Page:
The report states: “We determined that 90% of the wild individuals were related to the captive stock. Our results suggest a strong impact of the reintroduction program on the present recovery of the wild green turtle population nesting in the Cayman Islands.”
In addition, green sea turtle nests have risen from just one nest reported on Grand Cayman in 1999, to over 200 nests today. Dr. Walter Mustin, Chief Research and Conservation Officer, Cayman Turtle Conservation and Education Centre, said, “This data is proof that captive rearing and head-starting of sea turtles are viable conservation tools that can bring an endangered species back from the brink of extinction. It also highlights the need for continued and sustained releases to counter erosion of nesting habitats, aggressive poaching, and accelerating climate change.”
The report highlights the significance of this recovery very dramatically by stating: “In the 1980s several studies concluded that the green turtle nesting population of the Cayman Islands was extinct.” The survey is the result of many years of extensive monitoring of turtle populations by the Department of Environment (DoE) which began in 1998 in the sister Islands and in 1999 in Grand Cayman.
Tim Adam, Chief Operating Officer, Cayman Turtle Conservation and Education Centre, said, “The finding that 90% of the wild nesting green turtles are a result of Cayman Turtle Conservation and Education Centre’s captive breeding and release programme speaks for itself. It tells of the amazing contribution of our organisation, its predecessors and the people who have dedicated themselves to the task over the past 50 years.”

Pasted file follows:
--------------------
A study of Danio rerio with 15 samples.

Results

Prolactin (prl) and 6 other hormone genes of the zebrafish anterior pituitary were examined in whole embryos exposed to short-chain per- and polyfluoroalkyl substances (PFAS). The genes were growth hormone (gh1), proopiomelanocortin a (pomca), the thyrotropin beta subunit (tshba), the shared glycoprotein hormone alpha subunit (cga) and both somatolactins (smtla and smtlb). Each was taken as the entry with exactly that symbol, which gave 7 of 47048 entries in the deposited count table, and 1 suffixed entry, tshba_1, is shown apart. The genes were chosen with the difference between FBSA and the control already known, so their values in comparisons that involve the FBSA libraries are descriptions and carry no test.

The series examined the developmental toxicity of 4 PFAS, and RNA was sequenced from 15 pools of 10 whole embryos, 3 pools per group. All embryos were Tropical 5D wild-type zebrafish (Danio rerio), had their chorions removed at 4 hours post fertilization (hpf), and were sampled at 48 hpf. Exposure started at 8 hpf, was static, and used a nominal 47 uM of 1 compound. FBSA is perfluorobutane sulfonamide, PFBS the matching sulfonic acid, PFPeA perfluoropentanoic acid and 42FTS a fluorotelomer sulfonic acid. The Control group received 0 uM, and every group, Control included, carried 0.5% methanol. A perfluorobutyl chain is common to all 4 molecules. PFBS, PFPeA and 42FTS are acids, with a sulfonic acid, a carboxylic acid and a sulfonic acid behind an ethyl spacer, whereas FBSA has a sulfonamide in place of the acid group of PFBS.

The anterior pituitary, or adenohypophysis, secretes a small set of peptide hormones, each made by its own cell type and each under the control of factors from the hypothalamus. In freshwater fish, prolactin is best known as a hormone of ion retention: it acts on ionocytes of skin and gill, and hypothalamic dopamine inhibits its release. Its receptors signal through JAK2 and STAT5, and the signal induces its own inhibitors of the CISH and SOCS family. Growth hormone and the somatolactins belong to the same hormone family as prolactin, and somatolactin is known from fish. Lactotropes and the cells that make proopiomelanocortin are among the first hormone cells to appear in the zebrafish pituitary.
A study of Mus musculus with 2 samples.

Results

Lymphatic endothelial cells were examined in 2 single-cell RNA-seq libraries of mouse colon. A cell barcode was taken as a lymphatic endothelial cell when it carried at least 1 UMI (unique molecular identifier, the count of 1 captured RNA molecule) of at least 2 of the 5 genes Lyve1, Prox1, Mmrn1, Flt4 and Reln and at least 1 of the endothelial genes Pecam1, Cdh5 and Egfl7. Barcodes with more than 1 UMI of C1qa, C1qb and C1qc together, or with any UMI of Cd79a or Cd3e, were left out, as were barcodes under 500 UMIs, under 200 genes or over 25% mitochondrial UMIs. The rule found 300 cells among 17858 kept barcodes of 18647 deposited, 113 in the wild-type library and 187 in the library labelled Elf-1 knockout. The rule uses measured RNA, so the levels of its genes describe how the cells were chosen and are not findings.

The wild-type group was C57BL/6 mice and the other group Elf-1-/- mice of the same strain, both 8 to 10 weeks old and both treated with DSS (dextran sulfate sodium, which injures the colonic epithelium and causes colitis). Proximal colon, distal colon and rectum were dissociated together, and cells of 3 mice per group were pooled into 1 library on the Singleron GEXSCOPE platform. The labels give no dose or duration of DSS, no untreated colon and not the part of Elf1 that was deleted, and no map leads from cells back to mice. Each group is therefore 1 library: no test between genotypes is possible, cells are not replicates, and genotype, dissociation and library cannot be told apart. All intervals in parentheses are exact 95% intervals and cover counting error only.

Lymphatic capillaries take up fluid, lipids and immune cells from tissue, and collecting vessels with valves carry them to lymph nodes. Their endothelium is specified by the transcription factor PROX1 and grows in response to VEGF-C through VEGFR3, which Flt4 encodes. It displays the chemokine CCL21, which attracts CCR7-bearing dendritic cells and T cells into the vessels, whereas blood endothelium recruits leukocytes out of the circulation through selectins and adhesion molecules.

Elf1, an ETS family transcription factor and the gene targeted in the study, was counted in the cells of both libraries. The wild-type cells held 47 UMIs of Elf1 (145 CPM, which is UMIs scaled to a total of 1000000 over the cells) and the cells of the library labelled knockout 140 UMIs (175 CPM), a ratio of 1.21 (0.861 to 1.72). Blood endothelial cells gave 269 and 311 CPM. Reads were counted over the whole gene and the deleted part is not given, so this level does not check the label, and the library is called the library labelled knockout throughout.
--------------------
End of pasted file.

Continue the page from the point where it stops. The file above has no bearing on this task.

The Centre adheres to the strictest protocols to ensure that there are no detrimental effects from releasing captive-bred turtles into the wild, as Mr. Adam further stated, “Back in 2016 we reviewed the Cayman Islands Department of Environment endorsed pre-release protocol for the captive-bred captive-reared Blue Iguanas that are released into the wild and enhanced it, incorporating elements appropriate to our turtle release procedure. The Cayman Turtle Centre’s robust pre-release processes and procedures with full-time veterinary oversight for breeding, rearing, quarantine, tissue sampling and release are more rigorous than any we have found in many other organisations around the world.”
The Centre’s dedicated human resources include a research and conservation officer, veterinarian, aquarists and a complete education department. “Cayman Turtle Conservation and Education Centre’s release programme will continue to fulfil our primary purpose of conservation and growing the wild population of Cayman’s sea turtles,” Mr. Adam stated. “It is extremely encouraging to find out with firm data that our programme is such a significant positive factor in the preservation of the green sea turtle and taking a marine animal off the near-extinct list. Not only are we seeing an increase in numbers, the results show a high genetic diversity and no difficulties regarding breeding.”
Last year, the Cayman Turtle Centre released more than 1,300 turtles from eggs laid within the facility, into the sea. Of that 275 are head-started turtles, which are typically between one and two years old, and the remainder smaller hatchlings which come from eggs bred and laid within the facility.